MANAMA, Bahrain -- A new judge and prosecutor will oversee corruption cases in world soccer, after FIFA agreed plans to replace its top ethics officials.
German judge Hans-Joachim Eckert and Swiss prosecutor Cornel Borbely are set to leave despite indicating they wanted to continue their work. They have multiple ongoing cases against soccer officials implicated in a widespread U.S. federal investigation of bribery and corruption.
FIFA said that its ruling council, chaired by President Gianni Infantino, on Tuesday proposed Greek judge Vassilios Skouris and Colombian lawyer Maria Claudia Rojas. They must be confirmed by FIFA's Congress of member federations on Thursday.
Skouris was president of the European Court of Justice in Luxembourg for 12 years until 2015.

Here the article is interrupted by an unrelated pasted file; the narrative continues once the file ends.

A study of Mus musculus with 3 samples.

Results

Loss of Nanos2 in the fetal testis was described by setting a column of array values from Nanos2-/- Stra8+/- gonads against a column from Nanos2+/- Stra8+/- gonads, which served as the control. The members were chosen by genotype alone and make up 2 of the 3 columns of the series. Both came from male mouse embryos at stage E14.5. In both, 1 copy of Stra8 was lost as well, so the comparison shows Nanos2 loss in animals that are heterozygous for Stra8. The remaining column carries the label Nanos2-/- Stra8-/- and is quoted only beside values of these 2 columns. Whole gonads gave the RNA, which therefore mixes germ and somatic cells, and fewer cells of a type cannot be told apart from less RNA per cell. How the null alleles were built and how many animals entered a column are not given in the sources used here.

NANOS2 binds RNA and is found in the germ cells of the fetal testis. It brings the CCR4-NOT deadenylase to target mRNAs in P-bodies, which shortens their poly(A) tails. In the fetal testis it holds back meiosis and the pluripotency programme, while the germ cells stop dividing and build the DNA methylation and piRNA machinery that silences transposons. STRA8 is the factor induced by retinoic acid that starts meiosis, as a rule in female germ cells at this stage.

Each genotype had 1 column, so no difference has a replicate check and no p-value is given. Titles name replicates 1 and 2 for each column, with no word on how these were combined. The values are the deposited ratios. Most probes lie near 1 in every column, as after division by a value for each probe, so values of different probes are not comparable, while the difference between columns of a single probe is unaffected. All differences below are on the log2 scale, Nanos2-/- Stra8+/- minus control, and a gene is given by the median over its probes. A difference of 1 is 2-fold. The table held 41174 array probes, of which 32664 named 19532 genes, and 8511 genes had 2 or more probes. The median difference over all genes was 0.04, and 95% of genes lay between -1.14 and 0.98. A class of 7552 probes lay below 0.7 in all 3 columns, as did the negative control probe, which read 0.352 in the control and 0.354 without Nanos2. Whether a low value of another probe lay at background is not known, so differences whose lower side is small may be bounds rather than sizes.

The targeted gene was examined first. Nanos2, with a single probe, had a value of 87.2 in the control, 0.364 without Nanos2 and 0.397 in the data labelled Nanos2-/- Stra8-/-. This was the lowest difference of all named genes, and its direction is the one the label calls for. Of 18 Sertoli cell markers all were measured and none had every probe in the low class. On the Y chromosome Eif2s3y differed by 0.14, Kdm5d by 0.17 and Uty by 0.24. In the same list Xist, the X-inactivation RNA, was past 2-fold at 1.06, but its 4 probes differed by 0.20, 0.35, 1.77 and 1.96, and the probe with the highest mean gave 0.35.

Eckert and Borbely have been with the ethics court since a revamp with greater independence in 2012, and banned multiple officials during the biggest corruption crisis in FIFA's history.
Eckert's highest-profile cases included imposing bans on former FIFA president Sepp Blatter and then-UEFA president Michel Platini in December 2015. Eckert also helped judge a case against Infantino last year that ended in no action being taken over his use of private flights provided by Russian and Qatari interests.
Borbely recused himself in the cases of Infantino and Blatter as a fellow Swiss national. He is set to leave FIFA while prosecuting Franz Beckenbauer and other officials from the German organising committee for the 2006 World Cup in a fraud case linked to millions of euros passing through FIFA accounts.
Der Spiegel reported that U.S. law professor Joseph Weiler resigned from his position on the FIFA governance committee after condemning the changes.
Skouris would become the second senior official at FIFA who worked at the European court in Luxembourg during that period. FIFA's outgoing governance committee chairman Miguel Maduro of Portugal was an advocate general at the court from 2003-09.